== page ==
New Year’s Greeting

Warm by the fire...

Well, it’s done. The cut for the front of the very extremely late Christmas card worked out relatively well. Holly’s been lobbying for years to do a card featuring our beloved pets, so here it is. She loves it, but I see some problems that may be addressed in future efforts with the same illustration:

1) the floor grain is too pronounced, causing an imbalance with the white walls in behind. However, there’s no mistaking that it is a pine plank floor!

2) Sneak (the dog) in the chair needs a bit of work to define his parts properly. Where the tail comes across his tangle of legs does not telegraph to the viewer as clearly as I would have hoped.

3) Tennyson just kind of happened, without a great deal of thought which sometimes work (I am a lucky guy) but not, I think, in this case.

4)I’m not exactly sure what I was thinking with the bookcase behind Sneak’s head. I guess that combined with the art on the wall top left makes the visual tally for our studio motto: “Books and art in a house give it a soul.” However, we run into a black hole of clarity in the area where chair, book case and the dog’s ear collide ungracefully. These are all fairly minor problems that could be solved with a second cutting, which I may do for a limited edition run.

There are aspects of this particular run that I like very much:

1) the contours and textures created by line-work in the chair works very well IMO.

2) anyone who has been to our wee mid-19th century house will recognize the window and trim. The window reflects very much the style and feeling I am trying to achieve with some of my more recent cuts: loose, more free, less slave to the rigidity and exactitude of “photographic” reproduction, more illustrative and stylish.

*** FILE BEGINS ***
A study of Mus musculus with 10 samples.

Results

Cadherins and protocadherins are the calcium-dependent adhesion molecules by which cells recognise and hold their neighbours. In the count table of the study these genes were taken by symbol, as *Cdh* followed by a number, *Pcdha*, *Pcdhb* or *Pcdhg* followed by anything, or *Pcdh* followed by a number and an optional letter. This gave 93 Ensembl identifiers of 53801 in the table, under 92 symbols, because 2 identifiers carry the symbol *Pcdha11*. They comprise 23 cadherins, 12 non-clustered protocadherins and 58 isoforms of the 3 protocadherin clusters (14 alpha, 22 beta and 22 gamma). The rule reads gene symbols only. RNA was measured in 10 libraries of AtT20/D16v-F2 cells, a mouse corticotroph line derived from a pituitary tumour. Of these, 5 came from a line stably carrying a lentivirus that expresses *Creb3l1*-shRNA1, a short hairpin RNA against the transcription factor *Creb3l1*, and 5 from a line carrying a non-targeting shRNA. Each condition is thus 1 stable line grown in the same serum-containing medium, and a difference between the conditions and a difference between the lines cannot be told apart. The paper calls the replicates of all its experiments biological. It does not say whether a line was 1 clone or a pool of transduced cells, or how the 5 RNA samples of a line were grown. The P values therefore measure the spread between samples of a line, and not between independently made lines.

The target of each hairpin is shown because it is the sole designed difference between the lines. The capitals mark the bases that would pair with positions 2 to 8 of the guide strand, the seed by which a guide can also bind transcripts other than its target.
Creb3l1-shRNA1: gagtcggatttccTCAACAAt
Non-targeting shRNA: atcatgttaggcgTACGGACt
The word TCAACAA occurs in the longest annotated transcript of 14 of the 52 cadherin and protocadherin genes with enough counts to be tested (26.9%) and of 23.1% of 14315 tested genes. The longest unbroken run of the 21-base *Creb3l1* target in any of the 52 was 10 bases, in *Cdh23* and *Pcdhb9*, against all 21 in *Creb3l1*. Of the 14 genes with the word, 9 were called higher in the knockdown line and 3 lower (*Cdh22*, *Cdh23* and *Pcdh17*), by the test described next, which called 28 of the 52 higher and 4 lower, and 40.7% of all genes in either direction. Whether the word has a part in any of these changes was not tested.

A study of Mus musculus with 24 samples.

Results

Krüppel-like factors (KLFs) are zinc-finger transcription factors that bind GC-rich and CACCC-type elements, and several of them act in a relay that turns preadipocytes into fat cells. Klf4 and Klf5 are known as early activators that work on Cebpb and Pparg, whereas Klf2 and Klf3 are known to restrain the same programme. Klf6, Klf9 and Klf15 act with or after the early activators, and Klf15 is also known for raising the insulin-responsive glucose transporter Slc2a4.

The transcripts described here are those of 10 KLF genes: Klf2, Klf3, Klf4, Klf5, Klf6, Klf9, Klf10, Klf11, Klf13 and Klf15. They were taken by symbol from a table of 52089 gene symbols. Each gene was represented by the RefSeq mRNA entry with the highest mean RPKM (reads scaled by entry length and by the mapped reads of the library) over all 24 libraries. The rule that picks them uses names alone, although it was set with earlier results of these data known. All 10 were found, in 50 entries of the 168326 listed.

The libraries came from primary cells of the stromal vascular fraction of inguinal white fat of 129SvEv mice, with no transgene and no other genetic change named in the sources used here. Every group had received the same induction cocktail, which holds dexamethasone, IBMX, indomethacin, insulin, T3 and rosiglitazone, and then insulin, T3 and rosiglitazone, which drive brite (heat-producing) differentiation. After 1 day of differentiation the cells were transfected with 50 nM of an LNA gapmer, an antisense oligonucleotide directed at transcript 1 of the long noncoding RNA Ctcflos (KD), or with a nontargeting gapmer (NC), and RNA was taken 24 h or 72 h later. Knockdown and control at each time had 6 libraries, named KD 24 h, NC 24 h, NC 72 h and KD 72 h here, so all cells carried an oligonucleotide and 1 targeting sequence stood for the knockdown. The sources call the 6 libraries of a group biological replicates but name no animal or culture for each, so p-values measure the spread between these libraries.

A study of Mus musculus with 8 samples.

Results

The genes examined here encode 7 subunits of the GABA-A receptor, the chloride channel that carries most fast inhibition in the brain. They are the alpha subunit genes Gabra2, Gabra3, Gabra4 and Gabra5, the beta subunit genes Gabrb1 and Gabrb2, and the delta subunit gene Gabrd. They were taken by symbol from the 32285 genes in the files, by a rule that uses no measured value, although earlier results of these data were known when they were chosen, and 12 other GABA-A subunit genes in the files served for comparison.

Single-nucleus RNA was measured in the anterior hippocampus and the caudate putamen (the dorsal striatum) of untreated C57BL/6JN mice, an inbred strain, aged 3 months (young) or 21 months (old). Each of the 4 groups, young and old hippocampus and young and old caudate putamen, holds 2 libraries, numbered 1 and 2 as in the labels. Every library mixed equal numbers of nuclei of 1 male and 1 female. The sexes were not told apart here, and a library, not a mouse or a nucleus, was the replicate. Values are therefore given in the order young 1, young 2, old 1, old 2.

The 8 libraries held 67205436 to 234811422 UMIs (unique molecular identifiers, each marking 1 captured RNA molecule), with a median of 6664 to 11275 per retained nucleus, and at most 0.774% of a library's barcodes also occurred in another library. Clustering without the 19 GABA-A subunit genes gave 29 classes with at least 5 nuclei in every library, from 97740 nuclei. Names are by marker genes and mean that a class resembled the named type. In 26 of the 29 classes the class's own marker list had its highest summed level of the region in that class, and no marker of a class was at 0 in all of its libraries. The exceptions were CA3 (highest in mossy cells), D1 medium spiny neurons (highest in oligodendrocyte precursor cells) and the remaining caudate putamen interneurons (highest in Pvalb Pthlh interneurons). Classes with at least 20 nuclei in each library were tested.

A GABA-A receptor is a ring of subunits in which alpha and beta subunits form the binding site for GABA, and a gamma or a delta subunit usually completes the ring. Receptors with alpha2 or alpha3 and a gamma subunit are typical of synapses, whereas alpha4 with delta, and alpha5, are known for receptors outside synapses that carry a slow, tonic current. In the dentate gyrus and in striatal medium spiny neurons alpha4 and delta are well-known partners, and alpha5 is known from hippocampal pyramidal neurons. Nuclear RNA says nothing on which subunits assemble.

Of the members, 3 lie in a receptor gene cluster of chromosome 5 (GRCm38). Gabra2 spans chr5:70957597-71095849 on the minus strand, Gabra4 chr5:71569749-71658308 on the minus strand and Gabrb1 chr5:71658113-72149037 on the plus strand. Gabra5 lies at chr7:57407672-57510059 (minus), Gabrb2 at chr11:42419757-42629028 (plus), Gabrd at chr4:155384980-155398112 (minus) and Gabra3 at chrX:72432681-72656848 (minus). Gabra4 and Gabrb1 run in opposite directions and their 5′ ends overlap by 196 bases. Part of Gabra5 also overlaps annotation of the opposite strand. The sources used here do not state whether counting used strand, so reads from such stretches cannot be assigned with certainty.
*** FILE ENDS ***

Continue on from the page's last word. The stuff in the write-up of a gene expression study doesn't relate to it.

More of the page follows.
3) the stove worked, although it’s very simple, just white line technique, but it scans well with the window, creating a horizontal (or rather perpendicular) balance.

Overall I’m pleased with the result, and Holly loves it. It goes in the mail to friends and family this week.

As for the inside, I turned to my old friend Samuel Taylor Coleridge. For certain I studied Coleridge’s depressing poem Work Without Hope back in the day, and learned about the brilliant poet’s tragic addictions and troubles that kept him from finishing most everything he set out to achieve (in poetry at least). That is what the poem is about; however, it is the brief lines which serve as a paean to the subtle promise of spring that I remember Bill Murray reciting in the brilliant movie Groundhog Day, and not melancholic ode to procrastination, that stay with me. I know: that’s a lot of deep stuff for a greeting card! Here it is set in the elegantly practical face Italian Oldstyle designed by Frederick Goudy:

Explore posts in the same categories: Block Printing, Lino Cuts

One Comment on “New Year’s Greeting”

  1. Deb Says:

    Thanks so much for the card, Larry! It’s sitting on the mantel now, and is no doubt destined for a picture frame. And Tennyson looks great, by the way; very languid, as a cat should.